This was my first meeting with the child psychologist Alex Delaware, his partner, Robin Castagna [who hardly features], and the Los Angeles homicide detective Milo Sturgis, courtesy of a charity shop purchase. I was primarily attracted by the title.
I found it quite easy to understand the relationships between the main characters despite this being the 26th book in the series. This would mean that on his first appearance, Sturgis, a gay policeman, must have been somewhat ground-breaking.
The book opens with Delaware and Castagna visiting a bar at the soon-to-be- demolished Fauborg Hotel where they have spent many a good evening. However, almost everything has been removed and the old staff have left. In the midst of a rather depressing evening their attention is drawn to a glamorous young woman who is obviously waiting for someone to arrive.
A few days later Milo, a regular visitor the couple’s apartment, arrives after spending the night at a murder site – the victim being shot in the face. When he describes the body, Delaware recognises the clothing and identifies the body as that of the mysterious young woman. In a rather unconvincing manner, Milo then involves Delaware informally in the investigation – surely something that would be challenged at any subsequent trial? This introduction gets the investigation going but at the price of the reader’s credibility.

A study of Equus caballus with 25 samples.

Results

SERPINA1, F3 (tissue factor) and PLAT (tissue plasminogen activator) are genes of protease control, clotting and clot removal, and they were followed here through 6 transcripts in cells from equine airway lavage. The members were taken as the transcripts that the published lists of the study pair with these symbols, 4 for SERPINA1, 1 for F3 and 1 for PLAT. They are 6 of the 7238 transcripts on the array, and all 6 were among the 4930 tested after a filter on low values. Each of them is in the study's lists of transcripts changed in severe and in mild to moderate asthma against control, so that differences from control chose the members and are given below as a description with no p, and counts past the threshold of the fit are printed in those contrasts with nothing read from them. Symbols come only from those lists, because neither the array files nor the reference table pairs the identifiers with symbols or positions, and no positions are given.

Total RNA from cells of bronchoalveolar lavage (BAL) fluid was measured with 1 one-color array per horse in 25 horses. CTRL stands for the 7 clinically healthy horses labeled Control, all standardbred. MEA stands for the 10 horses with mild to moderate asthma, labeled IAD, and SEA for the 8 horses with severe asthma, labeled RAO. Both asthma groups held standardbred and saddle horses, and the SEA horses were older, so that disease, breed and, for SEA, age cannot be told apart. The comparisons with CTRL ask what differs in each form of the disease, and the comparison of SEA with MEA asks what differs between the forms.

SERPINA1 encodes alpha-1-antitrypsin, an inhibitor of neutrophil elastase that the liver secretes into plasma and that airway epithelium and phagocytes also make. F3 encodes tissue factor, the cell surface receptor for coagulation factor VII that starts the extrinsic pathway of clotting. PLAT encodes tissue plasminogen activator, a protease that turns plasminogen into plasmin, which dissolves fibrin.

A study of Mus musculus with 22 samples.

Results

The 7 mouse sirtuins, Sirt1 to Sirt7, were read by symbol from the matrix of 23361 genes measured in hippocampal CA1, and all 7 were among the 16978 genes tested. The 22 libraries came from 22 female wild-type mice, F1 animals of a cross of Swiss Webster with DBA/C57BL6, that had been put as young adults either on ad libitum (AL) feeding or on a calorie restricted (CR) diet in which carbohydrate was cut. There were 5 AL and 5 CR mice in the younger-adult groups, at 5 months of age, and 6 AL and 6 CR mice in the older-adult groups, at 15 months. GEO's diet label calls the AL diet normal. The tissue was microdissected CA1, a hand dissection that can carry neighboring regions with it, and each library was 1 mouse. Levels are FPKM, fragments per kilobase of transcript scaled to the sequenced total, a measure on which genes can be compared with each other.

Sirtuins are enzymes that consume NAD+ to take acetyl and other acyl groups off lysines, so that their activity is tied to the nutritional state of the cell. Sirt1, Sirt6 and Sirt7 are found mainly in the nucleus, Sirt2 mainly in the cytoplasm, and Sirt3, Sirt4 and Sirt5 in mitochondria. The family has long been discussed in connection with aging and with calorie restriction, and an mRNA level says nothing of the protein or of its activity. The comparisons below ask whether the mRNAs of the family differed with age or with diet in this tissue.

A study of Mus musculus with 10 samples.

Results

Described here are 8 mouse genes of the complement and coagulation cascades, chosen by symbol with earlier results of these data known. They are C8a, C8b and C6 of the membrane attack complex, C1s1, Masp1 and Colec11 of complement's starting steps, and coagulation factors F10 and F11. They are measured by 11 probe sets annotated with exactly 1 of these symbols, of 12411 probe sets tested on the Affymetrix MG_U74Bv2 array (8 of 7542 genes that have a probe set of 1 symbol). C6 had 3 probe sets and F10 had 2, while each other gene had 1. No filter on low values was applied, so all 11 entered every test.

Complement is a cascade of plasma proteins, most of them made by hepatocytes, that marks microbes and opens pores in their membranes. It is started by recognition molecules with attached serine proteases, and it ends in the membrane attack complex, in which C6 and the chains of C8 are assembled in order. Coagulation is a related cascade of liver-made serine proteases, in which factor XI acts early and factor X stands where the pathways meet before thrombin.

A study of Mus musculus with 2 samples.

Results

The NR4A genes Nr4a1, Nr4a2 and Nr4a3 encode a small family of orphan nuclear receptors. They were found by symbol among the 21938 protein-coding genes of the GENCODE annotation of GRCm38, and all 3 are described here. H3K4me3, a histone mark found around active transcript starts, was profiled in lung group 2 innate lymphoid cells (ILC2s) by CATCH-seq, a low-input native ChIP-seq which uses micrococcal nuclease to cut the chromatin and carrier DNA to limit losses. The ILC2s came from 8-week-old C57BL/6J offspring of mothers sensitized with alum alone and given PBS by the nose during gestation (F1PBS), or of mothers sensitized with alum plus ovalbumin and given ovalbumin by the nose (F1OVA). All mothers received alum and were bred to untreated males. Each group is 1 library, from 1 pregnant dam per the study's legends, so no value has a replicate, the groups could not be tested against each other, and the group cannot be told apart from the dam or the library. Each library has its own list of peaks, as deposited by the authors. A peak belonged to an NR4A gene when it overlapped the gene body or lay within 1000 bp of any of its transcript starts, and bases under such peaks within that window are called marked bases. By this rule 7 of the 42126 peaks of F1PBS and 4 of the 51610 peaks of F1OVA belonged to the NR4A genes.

As the story progresses we learn that the young woman might be called Mystery and an anonymous caller suggests that she is involved in a select on-line dating agency in which young women and matched with ‘sugar daddies’. The agency is operated by the two Agajanian sisters who are amongst the most unconvincing of a caste of two-dimensional figures. These include the sex-sodden family of a billionaire associated with Mystery and, in a somewhat interesting but largely separate story, an ex-patient of Delaware’s who is now dying with cancer and worries about her 6-year old son. The conversations between psychiatrist, patient and son were the most credible in the book – unsurprisingly, given the background of the author.
The book struck me a formulaic – no doubt justified by the author’s success since his first Delaware/Sturgis book was published in 1985, annually thereafter. I will assume that Kellerman has already described the central characters of this book so that he feels little more needs to be done. Elsewhere characterisation seems to be little more than listing clothing, behaviour and attitude. There is little here for the brain to mull over.
One of the great joys of reading series books by the most interesting crime writers is to see the central character and those around him ageing, and to follow their professional and personal relationships. Here there is nothing to identify the age of the characters, whilst Delaware and his partner are not explored. The world of near-pornography at the centre of the story is presumably sanitised for an American audience.
Kellerman’s loyal readers will enjoy this book and but I found it passable but no more than that.